Internet spread is constantly on the rise worldwide. Indeed it is the internet that news guzzlers consult more and more as their primary source of reference and breaking news. The web editions of Indian newspapers, including those in Okhla locality, find an eager readership not just in the metros, but even in small towns. Some 67 per cent of its readerships come from small cities. The online versions of Indian newspapers are read in 62 countries.Despite the positive development, revenue generation for some small and start ups Indian portals is an arduous task.
Launching a portal is easy, but sustaining it and generating revenue are extremely difficult, according to Faraz Akram Khan, who takes care of the technical side of community portal OKHLA TIMES. He said: “The biggest problem that we face is while collecting advertisements. Businessmen are not forthcoming. For the last more than eight months we have been running the portal from our own pocket. But I don’t know how long will we be able to continue like this?”
A quality news portal can only sustain and grow if readers and community are willing to back it financially, claims media expert Amit Shekhar.
Entrepreneur journalist Khursheed Alam says: “Awareness among the locals is important. They should back community portals because they raise their unheard voices. The irony is that people don’t understand the importance of media and hence such portals are closed after sometime. It is difficult to run a quality portal from one’s own pocket. Compared with the newspaper industry, running online newspaper is cheaper but still doing a story needs time and money.”
All this has not stopped youngsters from opening news portals. In the last few years, some fifty portals have come up in Okhla locality, but majority of them have closed down. Some are just surviving by doing cut and paste job. Until the crackdown by search engine giant Google, a few Okhl-based websites made good money as they used to pull out stories from leading websites and get them rehashed and rewritten. Later on the rating of the stories were improved by stuffing key words. After Google introduced changes in its search algorithmic it has become difficult for fake websites to flourish and mint money. For survival, one such website in Abul Fazal Enclave has now overnight started covering Muslim and Islamic issues.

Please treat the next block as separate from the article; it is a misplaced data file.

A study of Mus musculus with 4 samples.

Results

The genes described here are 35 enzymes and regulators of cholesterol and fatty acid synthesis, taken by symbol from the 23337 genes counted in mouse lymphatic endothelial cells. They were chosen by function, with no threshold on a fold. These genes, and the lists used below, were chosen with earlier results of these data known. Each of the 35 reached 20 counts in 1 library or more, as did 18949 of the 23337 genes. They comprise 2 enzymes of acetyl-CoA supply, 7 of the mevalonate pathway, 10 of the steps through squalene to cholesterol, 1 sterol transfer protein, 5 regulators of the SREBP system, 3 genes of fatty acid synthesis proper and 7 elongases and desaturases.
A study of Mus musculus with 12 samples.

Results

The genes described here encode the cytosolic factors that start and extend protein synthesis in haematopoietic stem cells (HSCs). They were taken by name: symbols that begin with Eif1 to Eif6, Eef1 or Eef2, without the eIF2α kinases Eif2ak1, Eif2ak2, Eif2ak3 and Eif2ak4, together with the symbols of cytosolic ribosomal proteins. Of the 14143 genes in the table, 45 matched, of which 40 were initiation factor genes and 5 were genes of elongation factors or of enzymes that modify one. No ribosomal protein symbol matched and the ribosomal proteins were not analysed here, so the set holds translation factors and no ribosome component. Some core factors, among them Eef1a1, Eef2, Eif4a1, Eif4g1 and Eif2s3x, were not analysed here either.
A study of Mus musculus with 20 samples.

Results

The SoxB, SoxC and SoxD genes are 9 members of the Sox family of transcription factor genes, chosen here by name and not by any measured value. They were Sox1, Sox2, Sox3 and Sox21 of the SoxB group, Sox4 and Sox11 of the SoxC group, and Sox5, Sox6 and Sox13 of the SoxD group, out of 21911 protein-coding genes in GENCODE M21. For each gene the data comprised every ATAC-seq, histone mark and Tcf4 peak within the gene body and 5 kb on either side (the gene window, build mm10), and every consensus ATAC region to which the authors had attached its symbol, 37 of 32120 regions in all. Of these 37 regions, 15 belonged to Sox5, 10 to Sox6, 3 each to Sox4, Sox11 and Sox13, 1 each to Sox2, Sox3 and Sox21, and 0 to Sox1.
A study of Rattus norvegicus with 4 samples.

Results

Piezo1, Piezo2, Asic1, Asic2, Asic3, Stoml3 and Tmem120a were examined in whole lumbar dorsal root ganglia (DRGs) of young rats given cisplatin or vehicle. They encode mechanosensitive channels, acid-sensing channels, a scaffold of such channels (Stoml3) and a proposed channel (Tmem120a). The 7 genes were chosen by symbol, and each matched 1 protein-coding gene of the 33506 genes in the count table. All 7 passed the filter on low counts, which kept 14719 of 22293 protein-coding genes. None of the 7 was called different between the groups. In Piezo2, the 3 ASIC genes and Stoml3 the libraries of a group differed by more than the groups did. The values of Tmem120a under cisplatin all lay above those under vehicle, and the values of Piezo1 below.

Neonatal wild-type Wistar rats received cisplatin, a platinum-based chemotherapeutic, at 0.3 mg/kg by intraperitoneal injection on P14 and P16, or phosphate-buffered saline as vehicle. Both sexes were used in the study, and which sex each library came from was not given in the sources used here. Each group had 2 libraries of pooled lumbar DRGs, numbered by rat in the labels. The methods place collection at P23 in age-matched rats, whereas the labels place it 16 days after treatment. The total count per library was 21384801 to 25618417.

Those who are churning out original stories on day-to-day basis are facing difficulties because they are running on a shoe-string budget. But still they are continuing in the hope that they will be able to generate some revenue with the future of online newspaper getting bright in the coming years.
The phenomenal growth of the Indian online newspaper readership has been made possible by the lead penetration of computers and growing internet connectivity even in the remote interiors. It is understood that while newspaper columnists are read online by 42 per cent people, nearly 95 per cent of newspaper readers regularly browse through e-newspapers -- mainly for breaking news.
According to JuxtConsult’s India internet report, 37 per cent of the current net users come from the top 10 metros, and more than half of the Indian online population comes from outside the eight largest cities, there is from tier II and III cities.
The majority readership is in the age group of 21-40 years, and Maharashtra, Karnataka, Delhi, Tamil Nadu and Andhra Pradesh top the readership list. Professions in the IT, education and media fields constitute almost half (48 per cent) of the readership.
Moreover, the online business is thriving, despite the global slowdown. Online portals in the US, the UK and other countries are doing relatively better than their print editions. The assassination of Osama bin Laden was covered extensively by US websites, including ProPublica and DailyBeast, to name only a few. The explosion in online newspapers in Okhla has produced entrepreneur journalists. Many of them are product of mainstream media.
Also, the internet provides many ways for online business to thrive and for everyone to get a slice of the profits. Internet advertising, already a $15-billion industry in the US, is set to explode in India in coming years. According to a recent Lintas Media Report, internet advertising stood at Rs 215 crore in 2009 (a 43 per cent growth over the previous year), but industry watchers say that it could grow more than ten-fold (to Rs 2,500 crore) by 2011.
Mobile advertising, which is hot in India simply because, for every internet user there are five mobile phone users, is also projected to grow from Rs 40 crore currently to Rs 500 crore by 2011.
By the end of 2010, the internet advertisement market globally was worth almost $61bn, compared with the magazine market at around $60.5bn. In India online advertising rose by 3.1 per cent in the financial year 2008-09 and by 7.1 per cent in the financial year 2010-11. It is going to grow further.